Senator Blunt Tours Northeast Missouri, Talks InfrastructureView Source
U.S. Senator Roy Blunt toured Northeast Missouri Tuesday, starting off at Lock and Dam 20 near Canton, where he spoke about his goal for infrastructure improvement.
Lewis county officials at the meeting said moving product through the Lock and Dam is a lengthy process that they’ve wanted to improve for a long time.
“Most of the barge tows that run the upper Mississippi are 1,200 foot long, we have a lock chamber that’s only 600,” said Ralph Martin, Executive Director of the Industrial Development and Port Authority for Lewis County.
Marin said barges have to be broken down, moved through, and then re-assembled to move down the Mississippi, and when there’s only one lock, everything depends on it working right.
“It takes about two-and-a-half hours to break that barge down and move it through a piece at a time,” said Martin.
Senator Blunt said improving infrastructure at locks and dams could lead to economic growth state-wide.
“World food need doubles by 2060, we think world food demand doubles quicker than that, no one is in a better position than we are to take advantage of that, but the river has to be a critical element of that,” said Senator Blunt giving the reason why he’s aiming to find a way to modernize the lock and dam, originally made in 1937.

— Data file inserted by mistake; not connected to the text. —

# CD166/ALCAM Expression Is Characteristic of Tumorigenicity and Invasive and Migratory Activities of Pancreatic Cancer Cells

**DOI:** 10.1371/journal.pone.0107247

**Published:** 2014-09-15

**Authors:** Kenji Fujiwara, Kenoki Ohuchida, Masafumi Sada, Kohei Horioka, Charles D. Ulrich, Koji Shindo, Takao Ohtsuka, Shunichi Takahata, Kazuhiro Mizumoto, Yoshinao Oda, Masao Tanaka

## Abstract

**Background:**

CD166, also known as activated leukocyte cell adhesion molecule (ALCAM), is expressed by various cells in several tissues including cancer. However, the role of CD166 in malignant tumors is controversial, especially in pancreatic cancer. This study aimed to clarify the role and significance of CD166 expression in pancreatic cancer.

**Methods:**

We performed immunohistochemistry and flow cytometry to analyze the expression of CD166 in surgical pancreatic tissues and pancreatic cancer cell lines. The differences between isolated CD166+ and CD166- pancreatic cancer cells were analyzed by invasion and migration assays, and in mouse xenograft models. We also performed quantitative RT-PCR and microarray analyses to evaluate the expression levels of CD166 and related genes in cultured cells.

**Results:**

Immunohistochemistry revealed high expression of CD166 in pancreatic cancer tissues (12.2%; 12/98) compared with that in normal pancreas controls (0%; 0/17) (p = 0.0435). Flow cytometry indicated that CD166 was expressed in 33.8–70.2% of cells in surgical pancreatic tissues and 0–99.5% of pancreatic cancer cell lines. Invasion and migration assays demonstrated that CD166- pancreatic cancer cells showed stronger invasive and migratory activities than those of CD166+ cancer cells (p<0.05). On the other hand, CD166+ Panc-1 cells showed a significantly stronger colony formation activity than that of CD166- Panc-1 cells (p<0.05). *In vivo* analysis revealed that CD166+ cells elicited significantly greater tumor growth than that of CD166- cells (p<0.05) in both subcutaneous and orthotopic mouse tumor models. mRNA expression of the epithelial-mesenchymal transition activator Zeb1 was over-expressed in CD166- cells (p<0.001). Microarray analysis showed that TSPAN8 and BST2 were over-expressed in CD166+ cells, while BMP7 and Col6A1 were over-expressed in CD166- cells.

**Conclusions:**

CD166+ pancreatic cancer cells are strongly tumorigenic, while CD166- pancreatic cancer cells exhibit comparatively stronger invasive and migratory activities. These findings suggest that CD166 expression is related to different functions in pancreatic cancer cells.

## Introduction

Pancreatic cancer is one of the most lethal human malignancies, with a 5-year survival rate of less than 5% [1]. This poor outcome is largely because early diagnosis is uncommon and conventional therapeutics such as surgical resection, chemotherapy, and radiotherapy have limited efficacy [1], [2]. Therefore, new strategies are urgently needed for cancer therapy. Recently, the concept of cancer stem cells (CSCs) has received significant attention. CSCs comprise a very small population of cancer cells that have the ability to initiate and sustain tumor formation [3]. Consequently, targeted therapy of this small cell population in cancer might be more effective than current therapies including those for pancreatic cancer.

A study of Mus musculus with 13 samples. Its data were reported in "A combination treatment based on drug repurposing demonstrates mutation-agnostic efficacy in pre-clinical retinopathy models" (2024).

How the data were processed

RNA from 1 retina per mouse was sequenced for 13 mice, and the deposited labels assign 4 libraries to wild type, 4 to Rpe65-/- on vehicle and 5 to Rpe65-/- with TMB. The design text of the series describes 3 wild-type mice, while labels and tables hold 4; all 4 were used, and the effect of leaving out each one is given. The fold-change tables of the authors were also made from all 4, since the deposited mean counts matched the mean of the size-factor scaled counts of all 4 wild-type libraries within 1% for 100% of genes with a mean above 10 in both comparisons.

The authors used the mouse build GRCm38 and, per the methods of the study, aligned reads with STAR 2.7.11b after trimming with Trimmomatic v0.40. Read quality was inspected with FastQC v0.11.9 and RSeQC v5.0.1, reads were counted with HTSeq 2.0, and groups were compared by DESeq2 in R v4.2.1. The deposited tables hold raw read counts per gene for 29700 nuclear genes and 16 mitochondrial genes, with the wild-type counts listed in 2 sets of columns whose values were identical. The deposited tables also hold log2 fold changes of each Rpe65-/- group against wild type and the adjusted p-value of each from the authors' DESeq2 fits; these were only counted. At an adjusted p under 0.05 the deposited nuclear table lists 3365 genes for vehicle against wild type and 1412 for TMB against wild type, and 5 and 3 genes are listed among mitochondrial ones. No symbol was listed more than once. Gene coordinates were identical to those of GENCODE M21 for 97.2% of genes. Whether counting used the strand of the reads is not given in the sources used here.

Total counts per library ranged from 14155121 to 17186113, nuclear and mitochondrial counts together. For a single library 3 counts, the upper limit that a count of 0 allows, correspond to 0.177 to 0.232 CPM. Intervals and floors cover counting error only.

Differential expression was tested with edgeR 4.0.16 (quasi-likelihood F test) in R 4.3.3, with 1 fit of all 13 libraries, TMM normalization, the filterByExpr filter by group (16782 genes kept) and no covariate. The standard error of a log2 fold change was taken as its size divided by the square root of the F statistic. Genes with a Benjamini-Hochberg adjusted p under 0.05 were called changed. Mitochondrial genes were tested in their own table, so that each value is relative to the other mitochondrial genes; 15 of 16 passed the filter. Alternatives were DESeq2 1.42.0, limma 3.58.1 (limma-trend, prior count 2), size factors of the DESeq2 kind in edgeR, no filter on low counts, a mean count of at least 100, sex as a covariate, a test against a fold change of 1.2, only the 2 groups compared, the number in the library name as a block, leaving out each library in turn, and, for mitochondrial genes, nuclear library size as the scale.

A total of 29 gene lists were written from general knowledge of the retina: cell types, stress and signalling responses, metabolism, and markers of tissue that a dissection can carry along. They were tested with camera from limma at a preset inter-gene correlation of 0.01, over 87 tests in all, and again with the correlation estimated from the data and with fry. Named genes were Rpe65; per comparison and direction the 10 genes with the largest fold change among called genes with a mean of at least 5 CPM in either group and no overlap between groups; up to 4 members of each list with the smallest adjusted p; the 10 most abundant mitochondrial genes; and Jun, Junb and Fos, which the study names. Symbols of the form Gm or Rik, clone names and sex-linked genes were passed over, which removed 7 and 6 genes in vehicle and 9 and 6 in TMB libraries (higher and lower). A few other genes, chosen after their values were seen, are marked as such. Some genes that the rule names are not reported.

“Where you pull your barge up to the lock, the lock is big enough for your barge, and you move on down the river,” said Blunt describing how easy it is with a larger lock.
For Martin, he said he’s glad Senator Blunt understands the need for change, and hopes an infrastructure bill backed by the trump administration could make it happen.
“We need to make that a more reliable system so we can get more product on the river,” said Martin, adding that they’ve had several different concepts for where a new larger lock would go.
Some of those designs would use the current lock as a backup.
Senator Blunt made several stops around Northeast Missouri after leaving Canton on Tuesday, including a stop in Kahoka to talk about rural broadband expansion, which he said is a critical issue for agriculture, education, and for keeping people in rural Missouri.